The FA welcomed over 350 guests to Wembley Stadium on Thursday evening, to celebrate the 75th anniversary of Windrush.
It was on 22 June 1948 that HMT Empire Windrush sailed into Tilbury Docks carrying over 800 passengers from the Caribbean, to help rebuild post-war Britain.
The impact of the generations that followed on football and English sport in general has been seismic with players, coaches and match officials of Caribbean heritage writing their names into the game’s history over the decades to create a lasting legacy.
And there was a number of those individuals present, with the likes of Sol Campbell, David James, Hope Powell, Mark Bright, Noel Blake, Kerry Davis and Wes Morgan all attending.
The event was hosted by Anne-Marie Batson, ironically the niece of Brendan Batson OBE who was one of those first Black players to break through in top-flight English football with Arsenal and West Bromwich Albion.
Coming into the event, guests could view a Windrush exhibition curated by the Black Cultural Archives before being treated to a performance from UK-based Caribbean band Kaiso.
Guests were then welcomed by FA CEO Mark Bullingham, before a pre-recorded video from FA Chair Debbie Hewitt MBE preceded the first speaker of the evening in Paul Elliott CBE.
Elliott, who was the first Black player to captain a Premier League club as well as being the FA’s first chair of the Inclusion Advisory Board, then paid his own tribute to the Windrush generation.
Food was served to guests, courtesy if Cummin’ Up Caribbean caterers before a video from Gareth Southgate was shown as the England manager paid his own tributes to the likes of Luther Blissett and other players he watched growing up and went on to play with at Crystal Palace, Aston Villa and of course, England.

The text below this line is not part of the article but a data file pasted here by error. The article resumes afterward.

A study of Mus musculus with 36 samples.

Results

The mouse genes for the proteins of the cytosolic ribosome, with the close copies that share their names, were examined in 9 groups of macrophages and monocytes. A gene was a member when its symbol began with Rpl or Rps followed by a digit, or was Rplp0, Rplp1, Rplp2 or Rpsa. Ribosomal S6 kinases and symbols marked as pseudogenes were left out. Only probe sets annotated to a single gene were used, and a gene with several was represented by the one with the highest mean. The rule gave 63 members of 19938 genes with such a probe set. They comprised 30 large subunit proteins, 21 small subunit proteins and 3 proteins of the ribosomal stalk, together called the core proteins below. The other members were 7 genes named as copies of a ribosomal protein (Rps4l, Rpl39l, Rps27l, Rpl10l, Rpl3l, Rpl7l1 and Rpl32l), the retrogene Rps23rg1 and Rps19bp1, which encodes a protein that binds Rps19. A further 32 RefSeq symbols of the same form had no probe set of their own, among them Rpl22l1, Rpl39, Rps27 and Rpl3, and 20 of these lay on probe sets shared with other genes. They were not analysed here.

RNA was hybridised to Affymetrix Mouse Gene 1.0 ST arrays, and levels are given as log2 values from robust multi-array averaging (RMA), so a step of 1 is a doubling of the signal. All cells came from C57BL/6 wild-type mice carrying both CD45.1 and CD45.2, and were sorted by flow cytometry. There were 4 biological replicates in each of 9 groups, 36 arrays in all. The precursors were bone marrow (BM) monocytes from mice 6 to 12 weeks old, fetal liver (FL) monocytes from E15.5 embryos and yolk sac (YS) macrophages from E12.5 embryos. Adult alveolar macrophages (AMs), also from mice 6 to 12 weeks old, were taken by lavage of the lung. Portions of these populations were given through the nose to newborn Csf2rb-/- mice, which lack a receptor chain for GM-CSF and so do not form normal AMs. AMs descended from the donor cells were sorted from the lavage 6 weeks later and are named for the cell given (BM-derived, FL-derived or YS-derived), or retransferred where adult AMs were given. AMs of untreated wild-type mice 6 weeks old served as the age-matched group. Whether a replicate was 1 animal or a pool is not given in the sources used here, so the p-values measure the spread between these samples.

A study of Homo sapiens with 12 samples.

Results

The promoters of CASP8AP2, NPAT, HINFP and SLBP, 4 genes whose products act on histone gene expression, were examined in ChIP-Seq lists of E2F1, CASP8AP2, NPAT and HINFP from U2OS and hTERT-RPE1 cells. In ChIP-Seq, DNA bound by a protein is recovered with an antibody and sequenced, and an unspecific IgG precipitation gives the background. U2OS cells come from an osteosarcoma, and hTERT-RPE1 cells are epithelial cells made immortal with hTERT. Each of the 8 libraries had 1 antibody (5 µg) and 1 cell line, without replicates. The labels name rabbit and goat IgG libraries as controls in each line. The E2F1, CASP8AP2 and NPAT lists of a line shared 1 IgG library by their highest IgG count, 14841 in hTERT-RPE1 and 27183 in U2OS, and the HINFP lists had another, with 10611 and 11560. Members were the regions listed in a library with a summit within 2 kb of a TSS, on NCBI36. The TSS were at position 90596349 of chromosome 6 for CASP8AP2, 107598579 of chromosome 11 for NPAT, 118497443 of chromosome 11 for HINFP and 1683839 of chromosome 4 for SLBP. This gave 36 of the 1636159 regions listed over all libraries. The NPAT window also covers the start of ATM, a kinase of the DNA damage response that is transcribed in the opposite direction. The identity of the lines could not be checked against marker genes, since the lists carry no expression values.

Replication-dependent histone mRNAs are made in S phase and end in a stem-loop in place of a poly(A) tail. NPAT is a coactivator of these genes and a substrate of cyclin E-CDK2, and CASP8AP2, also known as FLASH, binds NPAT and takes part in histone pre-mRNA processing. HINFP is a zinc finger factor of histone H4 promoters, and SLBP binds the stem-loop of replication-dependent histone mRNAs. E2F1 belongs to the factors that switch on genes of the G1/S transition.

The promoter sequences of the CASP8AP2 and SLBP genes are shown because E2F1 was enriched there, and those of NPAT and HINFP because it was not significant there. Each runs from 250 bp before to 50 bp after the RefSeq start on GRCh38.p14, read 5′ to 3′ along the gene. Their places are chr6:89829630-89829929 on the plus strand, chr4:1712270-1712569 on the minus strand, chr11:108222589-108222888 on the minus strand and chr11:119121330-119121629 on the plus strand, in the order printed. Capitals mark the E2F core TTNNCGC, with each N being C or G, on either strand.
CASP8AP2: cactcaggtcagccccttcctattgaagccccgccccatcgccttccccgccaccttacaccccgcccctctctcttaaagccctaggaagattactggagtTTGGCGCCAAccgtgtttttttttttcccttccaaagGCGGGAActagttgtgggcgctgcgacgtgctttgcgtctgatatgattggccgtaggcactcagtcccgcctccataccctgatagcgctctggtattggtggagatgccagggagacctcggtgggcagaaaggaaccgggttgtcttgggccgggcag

Anne-Marie then hosted a panel discussion with guests and former England players Luther Blissett, Hope Powell and Jermain Defoe.
They all spoke about their experiences growing up in the UK with Caribbean heritage and their involvement in football from playing as youngsters right through to the professional game and ultimately representing England.
There was more music as the evening drew to a close, with former winner of BBC talent show The Voice, Jermain Jackman, performing for the audience before the event was rounded off by Anne-Marie and a closing speech.
As guests departed Wembley, they received a copy of the book ‘A Place For Me: Stories About The Windrush Generation’ to round off what was a memorable and celebratory evening all-round.
A big thank you to our internal team and to Keah Forino-Joseph and Omari Elliott for driving this event.